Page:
Wednesday, May 09, 2012
I'd heard a lot of great things about Hong Hua (27925 Orchard Lake Road, Farmington Hills, MI) and read a lot of glowing reviews, praising it as the best Chinese restaurant in Southeast Michigan. Their web site has some beautiful photos of elegantly prepared dishes. It's not cheap, but it promised an excellent dining experience. And so I was roundly disappointed by what I actually found there.
The restaurant was very noisy, and I almost decided to leave at that point, but I was looking forward to a really fine meal and so decided to stay. There's a separate Chinese language menu, but as neither of us speak any Chinese dialect we looked to our waitress for help. We told her that we were looking for real Chinese food, not Chinese American, and asked if there were any specials. No, not really... but she'd check. Yes, there were a few seafood dishes. We ordered the giant oyster ($6.95), along with Shredded Duck and Mushroom Soup ($4.95/cup), Orange Beef ($14.50) and Eggplant in Chili Sauce ($10.50).
The oyster was interesting, although indifferently prepared. It consisted of a large oyster in its shell, covered with yam starch noodles and a spoonful of black bean sauce on one side. The sauce was on the noodles, not the oyster, which, as far as I could tell, was simply boiled or perhaps steamed with no seasoning.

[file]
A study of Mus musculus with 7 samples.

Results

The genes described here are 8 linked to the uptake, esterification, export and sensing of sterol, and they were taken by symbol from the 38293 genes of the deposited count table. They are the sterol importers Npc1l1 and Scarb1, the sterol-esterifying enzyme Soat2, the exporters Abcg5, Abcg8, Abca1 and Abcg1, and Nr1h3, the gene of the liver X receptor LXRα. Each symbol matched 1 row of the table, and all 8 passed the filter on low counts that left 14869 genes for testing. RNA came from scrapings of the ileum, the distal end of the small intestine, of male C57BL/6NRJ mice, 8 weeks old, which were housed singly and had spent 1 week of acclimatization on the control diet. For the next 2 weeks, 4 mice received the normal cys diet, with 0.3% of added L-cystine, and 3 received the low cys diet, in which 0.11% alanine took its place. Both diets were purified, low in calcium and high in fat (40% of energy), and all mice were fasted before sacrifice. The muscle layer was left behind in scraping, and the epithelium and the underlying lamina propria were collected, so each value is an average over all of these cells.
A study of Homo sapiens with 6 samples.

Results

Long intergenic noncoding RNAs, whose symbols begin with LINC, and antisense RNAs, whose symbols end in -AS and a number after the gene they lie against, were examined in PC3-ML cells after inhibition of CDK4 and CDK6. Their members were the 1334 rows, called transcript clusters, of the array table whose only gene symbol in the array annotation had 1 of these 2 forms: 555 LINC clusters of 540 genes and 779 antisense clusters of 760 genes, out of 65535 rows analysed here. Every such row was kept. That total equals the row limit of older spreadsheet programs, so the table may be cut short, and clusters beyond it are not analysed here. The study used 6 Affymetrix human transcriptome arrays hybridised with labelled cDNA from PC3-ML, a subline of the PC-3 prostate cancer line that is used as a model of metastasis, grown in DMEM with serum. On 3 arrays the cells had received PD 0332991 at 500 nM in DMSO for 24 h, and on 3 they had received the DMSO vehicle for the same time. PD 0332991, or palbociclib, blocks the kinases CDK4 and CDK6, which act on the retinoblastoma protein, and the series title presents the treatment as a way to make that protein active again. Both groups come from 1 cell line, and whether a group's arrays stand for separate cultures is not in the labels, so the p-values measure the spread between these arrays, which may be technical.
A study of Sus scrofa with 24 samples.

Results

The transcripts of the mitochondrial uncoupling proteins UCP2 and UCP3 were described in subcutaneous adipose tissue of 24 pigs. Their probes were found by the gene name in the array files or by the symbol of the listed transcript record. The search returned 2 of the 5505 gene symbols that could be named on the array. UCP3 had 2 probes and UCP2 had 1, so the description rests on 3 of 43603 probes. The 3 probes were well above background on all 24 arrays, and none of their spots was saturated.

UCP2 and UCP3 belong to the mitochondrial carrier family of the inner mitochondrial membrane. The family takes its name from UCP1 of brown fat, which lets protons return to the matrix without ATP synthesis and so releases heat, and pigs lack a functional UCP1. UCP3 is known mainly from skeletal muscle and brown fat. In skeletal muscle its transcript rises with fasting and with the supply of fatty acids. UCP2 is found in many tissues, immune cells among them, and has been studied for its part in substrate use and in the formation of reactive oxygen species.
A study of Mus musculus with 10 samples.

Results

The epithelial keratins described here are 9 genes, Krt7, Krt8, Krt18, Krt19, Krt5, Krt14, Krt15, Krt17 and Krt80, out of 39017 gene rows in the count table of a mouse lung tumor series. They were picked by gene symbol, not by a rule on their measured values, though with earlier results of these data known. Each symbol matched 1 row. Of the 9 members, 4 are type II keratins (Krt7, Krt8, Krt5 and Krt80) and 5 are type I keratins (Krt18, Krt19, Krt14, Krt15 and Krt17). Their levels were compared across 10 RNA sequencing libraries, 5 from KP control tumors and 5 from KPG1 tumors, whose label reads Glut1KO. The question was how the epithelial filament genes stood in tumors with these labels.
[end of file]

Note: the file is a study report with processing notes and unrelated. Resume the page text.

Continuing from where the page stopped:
The soup consisted of a small cup of a starch-thickened broth with a few shreds of duck, a few pieces of mushroom, and a bland, salty flavor. I remarked that it struck me as looking ans tasting very much like the typical American-Chinese sweet and sour soup, without the sweet or the sour. Janet agreed.
Calvin Trillin, in one of his books, characterized the typical bad Chinese-American restaurant as featuring "lumps in brown sauce" and that's a fair description of the two dishes seen in the photo above. On the left is the orange duck, and on the right, the eggplant. What's wrong with this picture? For one, they're both the same dull brown, suggesting way too much soy sauce and the use of a few common sauces for a variety of dishes. The eggplant dish used your standard American eggplant, rather than the typical Asian varieties seen in good Chinese restaurants. And what's the bell pepper doing there?
All this came as a big surprise, and a big disappointment after the glowing reviews I'd read in Yelp and the media. Going back to the Yelp reviews, I can see that the only real Chinese food is found on the Chinese language menu- things like steamed fish, congee, and jellyfish are only to be found there. I may return, but only in the company of a native Cantonese speaker.